Jet-setter, businesswoman, guest professor: Kim Mi Jung is the type of person who has mastered the art of making every minute count, leaving the rest of the world wondering if there are more than 24 hours in her day. Independent and strong, Kim is always down for venturing outside her comfort zone in the quest to try some-thing new and different. While her company focuses on the fantasy world, Kim prefers to do her gaming on the field. Participating in Jeju’s ultimate Frisbee tournament for the past three years, she claims the originality of the sport is what keeps her coming back. “Frisbee is special because it’s a sport without judgment. Both women and men play together. We have to understand each other’s minds and opinions,” she says.

Why did you move to Jeju?
My company wanted to make a new project. They asked me if I would be willing to relocate. I was so happy to come here because I love Jeju.

What does your company do?
My company makes online games such as Maple Story and Cart Rider. In 1995 we launched the first online graphics game in the world. At that time, Japan and America were making package games, but Korea took the next step and made the first online game-it was my company, NEXON, who did it.

How long have you been working at NEXON?
Since 1997, so about 13 years.

Can you tell me a little more about your job?
I’m working on the new project in Jeju, but I also support employees and make sure they work in good conditions. I have very many different roles, but I love that. My job ranges from making new designs in the office and creating special events to making new support systems. People who work in a company need someone to help them. That way they can not only succeed but enjoy their job as well. I help them do that.

What are some systems you have created?
In Korea there is a popular game called "3, 6, 9." I made a vacation system based on that game. After someone has worked three years at my company, they can get two additional weeks of vacation and some extra money. Three years later, they can get two more weeks of vacation and a little more money. After nine years, the employee can have a month of vacation — I made this system a really long time ago and many Korean IT companies have copied it since then.

What is the most challenging part of your job?
My job is supporting every employee, but at the same time I have to support my company. Finding the balance is the most difficult thing.

Are you permanently based in Jeju now?
No, I have to fly back and forth from Seoul every week to work at the main NEXON branch. I’m in Jeju from Saturday to Wednesday, and the other days I’m in Seoul.

So, essentially, it’s like you have two jobs?
Actually, I have three jobs. I’m also a guest professor at Jeju National University. Every Monday I teach a class on media storytelling.

How do you find the energy to keep up with your busy lifestyle?
Many people ask me that. The thing is, I do get very tired, but once I’m at work I focus on my job and my exhaustion just disappears. When I was in middle school, I had to take a physical test and run for a long time. After 30 minutes, everyone else was tired, but I kept on running. My teachers later told me that since I focused on moving my hands, my feet and legs just followed. So, I’ve learned that if I’m really tired or I’m unhappy, if I tell myself, “Oh I can do this,” my body just follows my mind.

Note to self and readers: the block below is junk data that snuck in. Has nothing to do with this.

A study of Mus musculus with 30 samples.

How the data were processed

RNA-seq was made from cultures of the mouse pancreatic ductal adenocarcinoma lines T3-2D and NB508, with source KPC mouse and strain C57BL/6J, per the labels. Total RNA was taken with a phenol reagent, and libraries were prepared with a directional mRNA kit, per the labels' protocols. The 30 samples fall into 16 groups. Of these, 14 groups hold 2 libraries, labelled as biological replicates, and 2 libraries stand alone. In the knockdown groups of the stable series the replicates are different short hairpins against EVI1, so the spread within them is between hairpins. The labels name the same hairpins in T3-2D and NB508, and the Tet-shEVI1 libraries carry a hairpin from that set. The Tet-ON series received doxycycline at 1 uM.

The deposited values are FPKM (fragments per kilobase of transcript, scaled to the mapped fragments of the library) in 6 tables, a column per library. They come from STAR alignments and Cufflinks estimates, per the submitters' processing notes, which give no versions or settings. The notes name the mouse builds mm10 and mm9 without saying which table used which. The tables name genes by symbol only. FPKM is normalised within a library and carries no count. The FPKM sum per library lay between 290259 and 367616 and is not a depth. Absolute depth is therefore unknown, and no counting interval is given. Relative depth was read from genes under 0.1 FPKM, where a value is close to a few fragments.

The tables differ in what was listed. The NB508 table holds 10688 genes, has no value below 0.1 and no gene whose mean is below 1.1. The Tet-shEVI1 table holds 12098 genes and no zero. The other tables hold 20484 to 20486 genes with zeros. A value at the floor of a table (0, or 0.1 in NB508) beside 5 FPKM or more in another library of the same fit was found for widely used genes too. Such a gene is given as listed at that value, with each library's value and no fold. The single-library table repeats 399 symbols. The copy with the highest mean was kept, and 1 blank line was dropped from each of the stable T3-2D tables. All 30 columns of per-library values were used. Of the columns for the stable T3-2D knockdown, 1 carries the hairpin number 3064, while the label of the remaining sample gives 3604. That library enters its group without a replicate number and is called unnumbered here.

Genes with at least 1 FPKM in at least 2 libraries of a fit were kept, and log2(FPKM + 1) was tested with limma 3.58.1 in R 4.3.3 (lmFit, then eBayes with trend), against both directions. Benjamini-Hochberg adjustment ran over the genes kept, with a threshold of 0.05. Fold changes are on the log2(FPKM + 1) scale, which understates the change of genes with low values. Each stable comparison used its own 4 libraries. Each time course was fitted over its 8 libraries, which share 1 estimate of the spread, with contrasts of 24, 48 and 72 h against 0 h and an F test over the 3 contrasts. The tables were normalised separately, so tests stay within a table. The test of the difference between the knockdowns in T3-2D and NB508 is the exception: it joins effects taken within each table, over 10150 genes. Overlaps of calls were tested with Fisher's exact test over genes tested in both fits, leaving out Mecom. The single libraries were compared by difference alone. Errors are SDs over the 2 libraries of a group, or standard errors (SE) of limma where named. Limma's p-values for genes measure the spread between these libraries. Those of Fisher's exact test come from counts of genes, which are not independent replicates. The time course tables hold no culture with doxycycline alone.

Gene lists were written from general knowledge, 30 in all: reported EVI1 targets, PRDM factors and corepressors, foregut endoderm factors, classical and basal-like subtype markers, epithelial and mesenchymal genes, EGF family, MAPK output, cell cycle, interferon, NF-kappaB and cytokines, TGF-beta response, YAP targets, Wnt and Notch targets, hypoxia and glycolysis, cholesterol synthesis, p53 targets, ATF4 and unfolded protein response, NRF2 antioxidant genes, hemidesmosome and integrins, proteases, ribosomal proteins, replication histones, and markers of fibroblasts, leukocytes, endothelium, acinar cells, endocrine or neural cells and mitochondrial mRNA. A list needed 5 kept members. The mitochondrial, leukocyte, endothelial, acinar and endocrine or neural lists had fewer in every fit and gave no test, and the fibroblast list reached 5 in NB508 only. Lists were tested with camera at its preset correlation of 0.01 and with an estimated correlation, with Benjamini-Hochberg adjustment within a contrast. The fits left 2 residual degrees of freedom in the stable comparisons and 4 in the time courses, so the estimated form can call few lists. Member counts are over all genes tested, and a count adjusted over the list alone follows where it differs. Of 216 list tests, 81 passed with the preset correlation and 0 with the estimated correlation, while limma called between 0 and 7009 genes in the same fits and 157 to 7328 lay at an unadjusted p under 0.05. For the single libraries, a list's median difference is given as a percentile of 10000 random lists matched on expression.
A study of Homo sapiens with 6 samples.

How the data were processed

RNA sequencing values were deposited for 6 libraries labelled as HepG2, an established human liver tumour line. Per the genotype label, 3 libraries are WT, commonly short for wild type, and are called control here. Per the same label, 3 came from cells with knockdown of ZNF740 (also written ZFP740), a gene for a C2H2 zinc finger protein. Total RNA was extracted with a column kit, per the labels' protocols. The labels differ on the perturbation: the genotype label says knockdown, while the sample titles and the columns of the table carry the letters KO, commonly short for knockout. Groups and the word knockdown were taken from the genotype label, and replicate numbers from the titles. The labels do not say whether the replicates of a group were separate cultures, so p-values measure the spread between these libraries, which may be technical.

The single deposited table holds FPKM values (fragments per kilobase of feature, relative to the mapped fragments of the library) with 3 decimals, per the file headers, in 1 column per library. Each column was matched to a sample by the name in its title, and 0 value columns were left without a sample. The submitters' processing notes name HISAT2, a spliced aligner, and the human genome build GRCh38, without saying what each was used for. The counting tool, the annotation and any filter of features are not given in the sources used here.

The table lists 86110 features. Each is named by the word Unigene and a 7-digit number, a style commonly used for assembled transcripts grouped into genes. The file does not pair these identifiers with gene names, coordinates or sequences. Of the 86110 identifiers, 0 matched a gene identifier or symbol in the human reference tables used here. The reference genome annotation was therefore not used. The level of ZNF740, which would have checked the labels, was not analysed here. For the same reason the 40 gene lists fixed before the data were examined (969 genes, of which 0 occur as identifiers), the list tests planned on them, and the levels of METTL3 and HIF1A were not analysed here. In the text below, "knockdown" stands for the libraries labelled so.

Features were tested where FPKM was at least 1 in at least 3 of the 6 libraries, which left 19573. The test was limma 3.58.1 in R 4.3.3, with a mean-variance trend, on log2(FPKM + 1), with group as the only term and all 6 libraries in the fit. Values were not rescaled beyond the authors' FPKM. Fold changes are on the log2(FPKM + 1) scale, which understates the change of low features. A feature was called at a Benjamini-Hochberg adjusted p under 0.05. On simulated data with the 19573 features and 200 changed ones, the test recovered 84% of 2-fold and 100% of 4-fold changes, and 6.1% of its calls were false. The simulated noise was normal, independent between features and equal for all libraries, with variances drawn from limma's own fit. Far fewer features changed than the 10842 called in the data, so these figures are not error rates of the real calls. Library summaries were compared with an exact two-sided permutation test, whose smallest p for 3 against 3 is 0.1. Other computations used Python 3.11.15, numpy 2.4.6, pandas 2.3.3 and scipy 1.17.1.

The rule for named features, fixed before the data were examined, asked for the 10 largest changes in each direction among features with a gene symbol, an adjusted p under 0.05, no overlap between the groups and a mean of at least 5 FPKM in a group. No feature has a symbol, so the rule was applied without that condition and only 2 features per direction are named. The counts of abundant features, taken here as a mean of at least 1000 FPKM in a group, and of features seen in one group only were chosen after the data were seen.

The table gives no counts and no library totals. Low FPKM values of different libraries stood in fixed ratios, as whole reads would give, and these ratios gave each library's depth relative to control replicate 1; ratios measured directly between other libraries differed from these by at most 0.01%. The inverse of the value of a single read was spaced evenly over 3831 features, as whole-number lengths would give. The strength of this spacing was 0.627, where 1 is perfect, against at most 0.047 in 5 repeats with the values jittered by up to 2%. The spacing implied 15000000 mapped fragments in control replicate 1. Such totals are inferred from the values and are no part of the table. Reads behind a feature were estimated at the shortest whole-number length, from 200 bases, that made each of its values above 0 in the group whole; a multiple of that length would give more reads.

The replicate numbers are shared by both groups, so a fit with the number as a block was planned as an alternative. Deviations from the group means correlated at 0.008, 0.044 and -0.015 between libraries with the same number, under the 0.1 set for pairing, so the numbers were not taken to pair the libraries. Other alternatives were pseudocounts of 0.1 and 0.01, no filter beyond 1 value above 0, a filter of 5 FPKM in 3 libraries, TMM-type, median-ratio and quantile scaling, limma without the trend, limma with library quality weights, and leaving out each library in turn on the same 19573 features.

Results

Have you always been so strong and independent?
It’s really ironic because when I was 17 or 18, I really wanted to get married at an early age, but suddenly my mind changed. I’m not really sure why. I think it’s because I’ve always been the type of person that if I get a task, I work very hard to complete it. After graduating university, I got a job and just started to focus on my position. I think that’s how the change suddenly happened.

What do you like to do you in your free time?
I love to watch movies and dramas from different countries. Every entertainment media story has its own culture in it. I love learning about new cultures. That’s why I enjoy traveling, watching dramas, and spending time with foreigners.

How do you spend your time with foreigners?
I have played in the ultimate Frisbee tournament for the past three years.

How did you first find out about Frisbee?
A few years ago I met a Canadian couple that introduced me to the sport. At first I felt really nervous because everyone was so strong and competitive, but at the same time I was very curious. It was a new sport for me and I love to run, so I was very attracted to Frisbee.

What do you like most about the sport?
I like to exercise, but it’s easy to give up when I’m alone. When I’m on a team, I feel responsible to them, and it really pushes me to work hard. Also, Frisbee is special because it’s a sport without judgment. Both women and men play together. We have to understand each other’s minds and opinions. It’s very exciting. I love it.

What’s your favorite thing about living in Jeju?
Mount Halla. It has such a good view. The air is so fresh and it’s so beautiful. When my friends come to visit me, I always suggest we go to Halla Mountain.

Were there any adjustments you had to make when moving to Jeju?
In Seoul people tend to say their opinion very openly, but Jeju people really control their minds and their opinions. It’s a little hard for me, because I don’t understand what they want.
However, except for this one thing, I love everything else about living in Jeju.

What are some of the main differences you find bouncing back and forth from Seoul and Jeju?
In Seoul people are always hurrying and crowding around, but Jeju is very relaxing and clean. When I arrive in Gimpo Airport I breathe a sigh of anxiety, but when I arrive in Jeju’s airport I breathe a sigh of relief.